5. Physical Description
The Great Horned Owl (scientific name Bubo virginianus) is a sizable owl indigenous to much of the New World, including Central, North, and South America alike. It is frequently called the hoot owl for its vocalizations, or the tiger owl because of its multi-colored plumage, composed mostly of different shades of brown and white markings and patches. These birds are easily distinguished by their "plumicorns", which are tufts of lengthened feathers found on the tops of their heads as well as their piercing yellow eyes and feathered legs and feet. The average Great Horned Owl can weigh up to 3 pounds with wingspan reaching up to 48 inches. They are considered the heaviest owls in South and Central America, despite wide variations observed in their weight and length.
The Great Horned Owl is nocturnal by nature, meaning they prefer to hunt for food in the evenings and nights while most other animals are resting. They are well equipped for the task, with two of the sharpest eyes in the bird class (Aves) which help them to zero in on their food while in the dark. Their diet is composed of a wide range of animals including, but not limited to, cats, dogs, rodents, hawks, voles, insects, fish, rabbits, and even American coots (birds found living in American wetlands). They stalk their prey while perched atop perches in heavily wooded areas, most often hidden completely by foliage and tall shrubs. As soon as they find what they’re looking for, they swiftly dive towards the ground with their wings folded and their talons ready to take hold of their targets. Small animals like squirrels, shrews, and bats are often entirely swallowed without being chewed up and broken down, after which unwanted body parts are spit out as efficiently and as quickly as they were taken in.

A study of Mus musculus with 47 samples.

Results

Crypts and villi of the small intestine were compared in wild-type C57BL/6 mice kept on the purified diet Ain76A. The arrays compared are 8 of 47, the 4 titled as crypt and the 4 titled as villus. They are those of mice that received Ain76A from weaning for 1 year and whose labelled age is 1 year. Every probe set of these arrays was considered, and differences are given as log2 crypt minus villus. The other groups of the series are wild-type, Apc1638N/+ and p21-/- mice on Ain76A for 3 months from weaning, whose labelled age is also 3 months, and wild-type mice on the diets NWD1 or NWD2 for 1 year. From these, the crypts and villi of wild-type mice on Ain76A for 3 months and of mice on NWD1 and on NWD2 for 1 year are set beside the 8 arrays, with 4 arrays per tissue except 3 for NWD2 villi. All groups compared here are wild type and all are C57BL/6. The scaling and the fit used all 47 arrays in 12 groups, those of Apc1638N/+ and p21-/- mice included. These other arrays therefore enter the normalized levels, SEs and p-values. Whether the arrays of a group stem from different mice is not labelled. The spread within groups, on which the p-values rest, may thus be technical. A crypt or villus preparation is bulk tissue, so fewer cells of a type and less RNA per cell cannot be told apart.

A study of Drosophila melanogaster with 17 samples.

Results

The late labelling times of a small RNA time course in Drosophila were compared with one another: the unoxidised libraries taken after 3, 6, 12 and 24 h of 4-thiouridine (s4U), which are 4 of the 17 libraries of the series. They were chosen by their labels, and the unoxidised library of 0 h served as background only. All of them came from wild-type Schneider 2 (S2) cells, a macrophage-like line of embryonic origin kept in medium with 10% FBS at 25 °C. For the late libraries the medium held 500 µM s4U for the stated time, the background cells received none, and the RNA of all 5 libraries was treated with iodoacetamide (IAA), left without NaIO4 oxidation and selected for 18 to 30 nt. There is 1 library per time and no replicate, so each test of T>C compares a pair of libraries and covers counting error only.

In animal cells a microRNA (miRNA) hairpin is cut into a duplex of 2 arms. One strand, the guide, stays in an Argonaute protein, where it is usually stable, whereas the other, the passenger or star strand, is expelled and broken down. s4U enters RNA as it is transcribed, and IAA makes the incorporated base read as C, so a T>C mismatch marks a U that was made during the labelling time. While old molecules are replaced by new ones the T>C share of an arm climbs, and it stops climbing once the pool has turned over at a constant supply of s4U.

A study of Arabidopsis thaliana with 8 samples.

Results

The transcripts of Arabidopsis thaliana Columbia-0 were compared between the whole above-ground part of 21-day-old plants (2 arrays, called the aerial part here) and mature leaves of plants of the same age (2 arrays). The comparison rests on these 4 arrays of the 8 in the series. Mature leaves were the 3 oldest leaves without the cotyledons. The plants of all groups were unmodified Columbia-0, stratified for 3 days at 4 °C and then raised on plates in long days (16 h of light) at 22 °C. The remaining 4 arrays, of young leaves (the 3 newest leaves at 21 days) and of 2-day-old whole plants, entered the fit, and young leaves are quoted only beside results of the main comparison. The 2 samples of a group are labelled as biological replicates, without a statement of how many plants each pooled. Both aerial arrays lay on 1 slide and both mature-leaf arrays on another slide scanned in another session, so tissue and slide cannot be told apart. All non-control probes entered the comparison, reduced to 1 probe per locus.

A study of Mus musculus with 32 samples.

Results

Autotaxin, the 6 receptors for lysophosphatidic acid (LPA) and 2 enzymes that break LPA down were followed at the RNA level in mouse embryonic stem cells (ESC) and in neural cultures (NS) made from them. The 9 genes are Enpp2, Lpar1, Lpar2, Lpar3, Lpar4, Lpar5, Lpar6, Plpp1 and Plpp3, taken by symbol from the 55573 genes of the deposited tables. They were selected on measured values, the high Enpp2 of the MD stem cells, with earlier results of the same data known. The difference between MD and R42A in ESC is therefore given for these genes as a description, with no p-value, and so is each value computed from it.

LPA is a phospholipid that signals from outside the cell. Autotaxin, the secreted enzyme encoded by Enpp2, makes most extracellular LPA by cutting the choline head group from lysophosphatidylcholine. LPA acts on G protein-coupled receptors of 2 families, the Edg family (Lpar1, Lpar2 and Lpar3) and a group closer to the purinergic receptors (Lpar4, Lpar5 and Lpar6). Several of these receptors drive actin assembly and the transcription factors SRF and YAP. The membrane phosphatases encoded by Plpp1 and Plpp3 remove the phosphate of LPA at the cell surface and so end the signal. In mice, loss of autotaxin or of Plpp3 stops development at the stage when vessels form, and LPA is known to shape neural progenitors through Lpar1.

3. Habitat and Range
The Great Horned owls are among the most common owls in America, and are among the most proficient and accomplished in terms of hunting and foraging for food. According to statistics, their population has remained stable over the last couple of decades, despite being hunted heavily by humans. These birds adapt quiet well to sudden changes in their environment and, being nocturnal, are not that easy to spot making them more resilient against the threat of extinction. Possible reasons for the decline of their numbers are pesticide poisoning (especially from that consumed indirectly from the animals that they eat who were themselves poisoned first), destruction of their natural habitats, and pollution caused by careless human activities. Still, they are classified as a species of "Least Concern" on the IUCN Red List.
The Great Horned owls are bold and clever hunters, preferring to stay perched atop branches and twigs in densely covered areas such as thick brush and dense forests. They are aggressive defenders of their territories, which they do so by repeated hooting and clapping of their bills. They don’t like having intruders in their midst, and will often hiss and scream when faced with unfamiliar animals or other humans.
The Great Horned Owl is strictly monogamous by nature, meaning that they typically mate with just one partner during the course of their lifetimes. Courtship typically starts around two full months before mates are selected, which is a decision made by the female by way of hooting and folding of her tail. Mating pairs stay together for all of their lives, although they may start drifting apart and spending more solitary time once their young ones are able to live on their own away from their nests. The selection of nesting sites is carried out by the males. The sites will then be approved by the females so long as they are located in easily accessible areas wide enough to accommodate their large sizes.